Open Floor Plan

What makes a home welcoming to a modern family has changed a great deal in the last several decades. But it wasn't always this way.

Family tastes have evolved over the years, and nowhere is that more strongly evidenced than in the floorplans. It's well known that today, a welcoming home is one with an open floor plan that flows smoothly from kitchen to living room to patio.

Entertainer kitchens make meal preparation a more social experience and expansive unified living rooms create more room for family gatherings or for separate parallel activities.

However, older homes built in the 80s and earlier tend toward more closed-off plans with numerous smaller rooms. Renovating these homes for families today poses a unique challenge. 

 

Remodeling Old Homes with Columned Open Floor Plans

How can you take down all those unwanted walls without major structural changes to account for the walls that are load-bearing?

Fortunately, the answer is simple. With the strategic and aesthetic use of columns, you can take out intrusive walls without worrying about compromising the structural integrity of the home.

In fact, it will probably look better with the right columns than with extensive load-shifting renovations.

Today, we're here to offer a few wonderful ideas about how to work your load-bearing beams behind those unwanted walls into a beautiful columned interior design.

 

Replace or Wrap Load-Bearing Beams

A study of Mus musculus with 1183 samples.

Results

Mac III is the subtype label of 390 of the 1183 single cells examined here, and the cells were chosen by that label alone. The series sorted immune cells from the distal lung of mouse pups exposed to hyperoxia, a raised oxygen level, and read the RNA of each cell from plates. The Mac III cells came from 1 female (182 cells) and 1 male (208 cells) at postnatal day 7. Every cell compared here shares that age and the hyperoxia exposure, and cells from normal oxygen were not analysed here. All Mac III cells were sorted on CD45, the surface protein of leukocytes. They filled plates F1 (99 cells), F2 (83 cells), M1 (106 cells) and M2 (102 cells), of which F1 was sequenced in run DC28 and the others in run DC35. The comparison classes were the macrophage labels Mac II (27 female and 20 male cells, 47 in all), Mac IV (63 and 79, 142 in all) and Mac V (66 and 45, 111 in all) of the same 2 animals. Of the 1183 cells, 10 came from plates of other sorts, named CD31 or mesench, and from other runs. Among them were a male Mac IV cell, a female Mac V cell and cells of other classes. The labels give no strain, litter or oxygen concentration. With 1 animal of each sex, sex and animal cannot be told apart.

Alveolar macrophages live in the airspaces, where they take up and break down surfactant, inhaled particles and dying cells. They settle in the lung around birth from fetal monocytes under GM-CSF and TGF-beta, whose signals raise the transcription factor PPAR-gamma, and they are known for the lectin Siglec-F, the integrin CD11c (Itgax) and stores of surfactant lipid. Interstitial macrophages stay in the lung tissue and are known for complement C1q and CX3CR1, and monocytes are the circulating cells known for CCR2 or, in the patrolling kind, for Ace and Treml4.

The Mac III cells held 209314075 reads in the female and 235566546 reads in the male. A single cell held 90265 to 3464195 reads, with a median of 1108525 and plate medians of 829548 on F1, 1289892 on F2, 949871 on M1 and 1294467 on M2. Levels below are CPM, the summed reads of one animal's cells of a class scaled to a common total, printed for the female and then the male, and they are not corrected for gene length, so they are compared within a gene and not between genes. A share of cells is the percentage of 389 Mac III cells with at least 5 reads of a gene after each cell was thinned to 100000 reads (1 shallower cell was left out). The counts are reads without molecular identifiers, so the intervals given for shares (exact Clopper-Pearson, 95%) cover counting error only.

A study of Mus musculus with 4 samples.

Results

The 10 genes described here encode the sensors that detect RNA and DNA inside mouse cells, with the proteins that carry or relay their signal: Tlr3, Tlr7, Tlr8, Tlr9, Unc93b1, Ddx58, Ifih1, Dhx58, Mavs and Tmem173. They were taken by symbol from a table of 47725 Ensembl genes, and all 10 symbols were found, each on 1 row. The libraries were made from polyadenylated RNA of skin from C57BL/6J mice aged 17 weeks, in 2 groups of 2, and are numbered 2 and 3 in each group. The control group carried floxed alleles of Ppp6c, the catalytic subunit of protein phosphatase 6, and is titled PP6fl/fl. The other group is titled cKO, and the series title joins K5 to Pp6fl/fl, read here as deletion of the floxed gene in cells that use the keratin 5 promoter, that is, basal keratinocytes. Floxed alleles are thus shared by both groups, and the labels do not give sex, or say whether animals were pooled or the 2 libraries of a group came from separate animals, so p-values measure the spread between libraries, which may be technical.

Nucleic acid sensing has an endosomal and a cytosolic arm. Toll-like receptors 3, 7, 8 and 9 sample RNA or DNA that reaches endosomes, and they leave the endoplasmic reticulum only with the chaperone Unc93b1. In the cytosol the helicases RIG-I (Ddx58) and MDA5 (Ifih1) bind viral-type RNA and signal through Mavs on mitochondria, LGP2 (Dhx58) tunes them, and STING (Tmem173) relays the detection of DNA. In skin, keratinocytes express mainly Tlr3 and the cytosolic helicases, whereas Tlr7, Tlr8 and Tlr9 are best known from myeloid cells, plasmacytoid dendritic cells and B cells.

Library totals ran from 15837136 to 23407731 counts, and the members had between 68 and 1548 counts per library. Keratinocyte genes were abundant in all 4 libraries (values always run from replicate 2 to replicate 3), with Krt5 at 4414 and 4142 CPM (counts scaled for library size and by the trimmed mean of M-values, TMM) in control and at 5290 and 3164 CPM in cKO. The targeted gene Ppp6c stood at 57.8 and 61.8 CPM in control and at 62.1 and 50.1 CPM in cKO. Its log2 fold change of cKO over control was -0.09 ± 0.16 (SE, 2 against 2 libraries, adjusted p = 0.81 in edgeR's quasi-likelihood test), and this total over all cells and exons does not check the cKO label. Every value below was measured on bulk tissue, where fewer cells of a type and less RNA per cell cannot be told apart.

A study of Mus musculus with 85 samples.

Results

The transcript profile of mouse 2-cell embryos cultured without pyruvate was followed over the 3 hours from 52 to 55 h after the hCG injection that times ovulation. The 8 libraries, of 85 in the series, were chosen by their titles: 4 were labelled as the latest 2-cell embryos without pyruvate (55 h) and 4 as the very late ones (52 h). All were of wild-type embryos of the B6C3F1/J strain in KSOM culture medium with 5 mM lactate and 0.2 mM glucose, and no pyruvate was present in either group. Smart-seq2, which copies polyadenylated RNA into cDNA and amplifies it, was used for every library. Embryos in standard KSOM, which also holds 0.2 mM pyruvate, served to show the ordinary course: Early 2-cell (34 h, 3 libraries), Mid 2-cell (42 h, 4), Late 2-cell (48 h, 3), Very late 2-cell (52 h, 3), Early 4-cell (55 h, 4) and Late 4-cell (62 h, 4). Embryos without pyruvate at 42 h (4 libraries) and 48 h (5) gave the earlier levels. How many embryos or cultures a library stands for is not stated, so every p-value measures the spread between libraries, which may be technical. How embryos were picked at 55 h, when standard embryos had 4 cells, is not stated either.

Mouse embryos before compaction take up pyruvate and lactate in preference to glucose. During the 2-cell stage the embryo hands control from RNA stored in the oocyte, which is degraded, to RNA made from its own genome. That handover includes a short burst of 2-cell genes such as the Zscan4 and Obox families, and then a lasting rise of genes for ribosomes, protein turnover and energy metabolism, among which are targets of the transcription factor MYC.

Each of these designs can be applied to two different structural strategies. The easiest way to use columns to accommodate your load-bearing beams is to simply wrap the existing beams in a decorative column facade.

No need to change where the load is held or move the essential structure of your home once the drywall comes down.

The second way, for more ambitious home renovators, is to replace your load-bearing beams with structural support columns. This can allow you to strategically change where the columns are located to better suit your interior design vision.

As long as the columns appropriately support the house when you're finished, you have full control over where your support columns go in the new design.

 

A Stately Row

One of the most traditional and elegant ways to use columns in your home is a stately row of columns subtly differentiating one space from another.

Your rooms will still be open and welcoming, but the row of columns can demark where the entryway flows into the living room or frame your entertainer kitchen in a way that would look amazing on your own private cooking show.

 

Framing a Bar or Pass-Through

For trendy-functional designs, you can use load-bearing columns as an excuse to put in a bar or half-wall with the columns marking one or both sides.

Bars, half-walls, and pass-throughs are a very popular way to turn once-separate rooms into an open and flowing living space.

Take out the wall on one side of the column and build a half-wall on the other that can become a bar, a homework station, or even your breakfast table.

 

Hidden Function Columns

One incredibly clever way to use facade columns around a load-bearing beam is to turn your column into something uniquely functional Hide secret drawers or cubbies in the patterned designs or run electrical lines through the column and create incredibly useful mid-room power outlets.

Embed LED lights in your columns for a beautifully subtle source of illumination in your open living space.


Whatever interior design you have envisioned after taking down the separating walls, columns make it possible to leave those load-bearing beams in place or even slightly change their position without extensive structural remodeling.

For more great real estate insights to improve or sell your home, contact us today!